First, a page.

1. Gets waaaay too much attention for being the first industrial record.
2. The lo-fi recording of the entire album isn’t a deliberately chosen aesthetic so much as it they couldn’t afford anything else, really.
3. It’s tremendously hard to finish the record cover-to-cover, not because this is scary as its reputation would have you believe (there’s only one track that’s actually scary), but rather because a lot of it is useless sludge.
4. The good news is that this is an easy album to review because there’s so little going on in the actual music; they haven’t figured out how to do anything yet. I’m convinced you can hear ambient tracks of equivalent quality from any art student with the tools and the know-how that comprises most of The Second Annual Report.
5. When the band does settle on a cool sound (the Harleys revving up on “Slut Bait – Live at Southampton”; the madman ramblings on “Maggot Death – Live at Red Club”), they just repeat it over the course of the track, and no matter how short said track is, it still feels too long.
6. As its name implies, this isn’t an album, but rather a report, compiling a bunch of live tracks found elsewhere (which is why you see three incarnations of “Slug Bait” and four of “Maggot Death” on the tracklist. Don’t fret, they’re the same in name only). I suppose something like “Maggot Death – Brighton” is kind of cool if you want to get the feel of what a Throbbing Gristle concert was like; audience cheers, P-Orridge yells at them, calling them “Fucktards” over and over, drums (that are probably provided by another band, seeing as how none of these cats play drums). (Yawn) So what else is new?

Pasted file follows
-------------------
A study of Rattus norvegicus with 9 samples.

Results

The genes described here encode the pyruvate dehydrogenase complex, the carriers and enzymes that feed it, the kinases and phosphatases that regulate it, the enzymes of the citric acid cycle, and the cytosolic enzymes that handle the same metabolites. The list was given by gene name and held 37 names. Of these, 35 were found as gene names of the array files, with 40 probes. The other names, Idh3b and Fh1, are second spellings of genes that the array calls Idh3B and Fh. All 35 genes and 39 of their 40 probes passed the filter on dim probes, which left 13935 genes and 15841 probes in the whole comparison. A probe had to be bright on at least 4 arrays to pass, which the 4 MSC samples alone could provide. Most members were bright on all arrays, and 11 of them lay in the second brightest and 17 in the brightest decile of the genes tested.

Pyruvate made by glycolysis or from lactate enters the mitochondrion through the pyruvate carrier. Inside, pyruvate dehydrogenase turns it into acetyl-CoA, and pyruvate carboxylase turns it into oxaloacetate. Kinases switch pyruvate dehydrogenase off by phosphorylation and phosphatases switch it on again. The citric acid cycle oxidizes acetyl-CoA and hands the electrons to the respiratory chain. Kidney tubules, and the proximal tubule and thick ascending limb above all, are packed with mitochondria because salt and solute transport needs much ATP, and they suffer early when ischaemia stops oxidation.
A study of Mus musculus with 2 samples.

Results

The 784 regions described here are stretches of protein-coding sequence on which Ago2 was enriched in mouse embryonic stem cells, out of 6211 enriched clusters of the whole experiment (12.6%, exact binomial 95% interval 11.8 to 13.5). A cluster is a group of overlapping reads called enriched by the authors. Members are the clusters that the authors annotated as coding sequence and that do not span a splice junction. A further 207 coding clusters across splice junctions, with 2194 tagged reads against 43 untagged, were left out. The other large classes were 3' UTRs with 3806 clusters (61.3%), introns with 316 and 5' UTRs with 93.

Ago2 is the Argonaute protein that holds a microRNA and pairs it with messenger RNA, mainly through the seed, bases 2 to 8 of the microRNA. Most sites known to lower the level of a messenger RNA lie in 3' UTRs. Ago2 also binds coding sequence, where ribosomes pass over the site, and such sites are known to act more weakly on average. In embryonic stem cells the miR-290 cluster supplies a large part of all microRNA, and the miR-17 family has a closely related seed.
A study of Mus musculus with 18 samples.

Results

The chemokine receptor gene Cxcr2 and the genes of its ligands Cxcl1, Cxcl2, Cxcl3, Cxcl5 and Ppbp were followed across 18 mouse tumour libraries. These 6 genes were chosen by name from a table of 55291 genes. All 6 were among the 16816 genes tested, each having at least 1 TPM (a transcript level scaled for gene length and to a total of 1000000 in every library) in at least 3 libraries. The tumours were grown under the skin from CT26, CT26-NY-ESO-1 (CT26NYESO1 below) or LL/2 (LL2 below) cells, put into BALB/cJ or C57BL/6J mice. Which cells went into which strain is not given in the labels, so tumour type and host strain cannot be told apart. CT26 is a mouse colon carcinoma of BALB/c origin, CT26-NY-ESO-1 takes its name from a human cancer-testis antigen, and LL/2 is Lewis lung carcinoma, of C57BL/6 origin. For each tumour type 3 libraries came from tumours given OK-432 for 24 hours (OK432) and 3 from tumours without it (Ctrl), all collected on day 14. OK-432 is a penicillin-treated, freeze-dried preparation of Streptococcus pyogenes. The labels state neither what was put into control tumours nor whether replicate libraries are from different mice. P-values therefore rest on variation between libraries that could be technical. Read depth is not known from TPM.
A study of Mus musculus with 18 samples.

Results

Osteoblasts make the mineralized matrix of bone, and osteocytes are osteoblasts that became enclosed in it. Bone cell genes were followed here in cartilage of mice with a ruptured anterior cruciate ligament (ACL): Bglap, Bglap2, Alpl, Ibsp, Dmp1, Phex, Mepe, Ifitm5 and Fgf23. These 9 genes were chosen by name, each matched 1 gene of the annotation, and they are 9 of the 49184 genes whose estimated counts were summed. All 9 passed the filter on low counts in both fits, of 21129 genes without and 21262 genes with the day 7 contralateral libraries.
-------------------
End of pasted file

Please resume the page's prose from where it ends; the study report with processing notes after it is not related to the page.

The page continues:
6. But their tenure as COUM Transmissions and their postmodern whatever’s of sexhibitions and used tampons preserved in glass and their subsequent praise that they were “wreckers of civilization” has taught them one thing: shock value works. Well, sometimes, at least.
Both the ICA and Brighton versions of “Slug Bait” are worth listening because that’s exactly what they have going for it. “Slug Bait – Live at Brighton” slams together two recordings, the first of a Canadian teenager being interrogated for murdering a child and the second, a relic of the Cold War entitled The Complacent Americans. But despite the fact that I think the second recording is a bit useless (if you’re going to draw on Cold War stuff, as least do something with it), notice how the first recording cuts off at the right moment; nothing more needs to be said really, “To have sex was the original motive, and I was trying to find someone older, but, uh—.“
The ICA version of “Slug Bait” is solid stuff through-and-through, and despite being the first of many campfire horror stories (see “Hamburger Lady” and “Persuasion” to come), it’s their best. There’s literally no way I could articulate this better than Drew Daniel from Pitchfork already has, so I’ll leave it to him (important stuff has been unitalicized for emphasis): ”Talking about killing people isn’t necessarily interesting (hello, Foster the People), but when I hear Genesis P-Orridge describe a businesslike psychopath butchering a family (“I cut his balls off with my knife (KNIFE); I make him eat them right there in front of his pregnant wife (WIFE)”), I still blink and twitch a little. The creeping dread “Slug Bait” achieves lies not in the lyrical body count but in the hiccupping repetition of trigger words as Gen’s vocal longjumps from a casual speaking voice to a garbled shriek, and in the deliberate misfit between the vocal’s desperation and the detuned pastoral synths smeared underneath.”
Basically, keep “Slug Bait,” ditch the rest, and go straight to D.o.A. The Third and Final Report or 20 Jazz Funk Greats.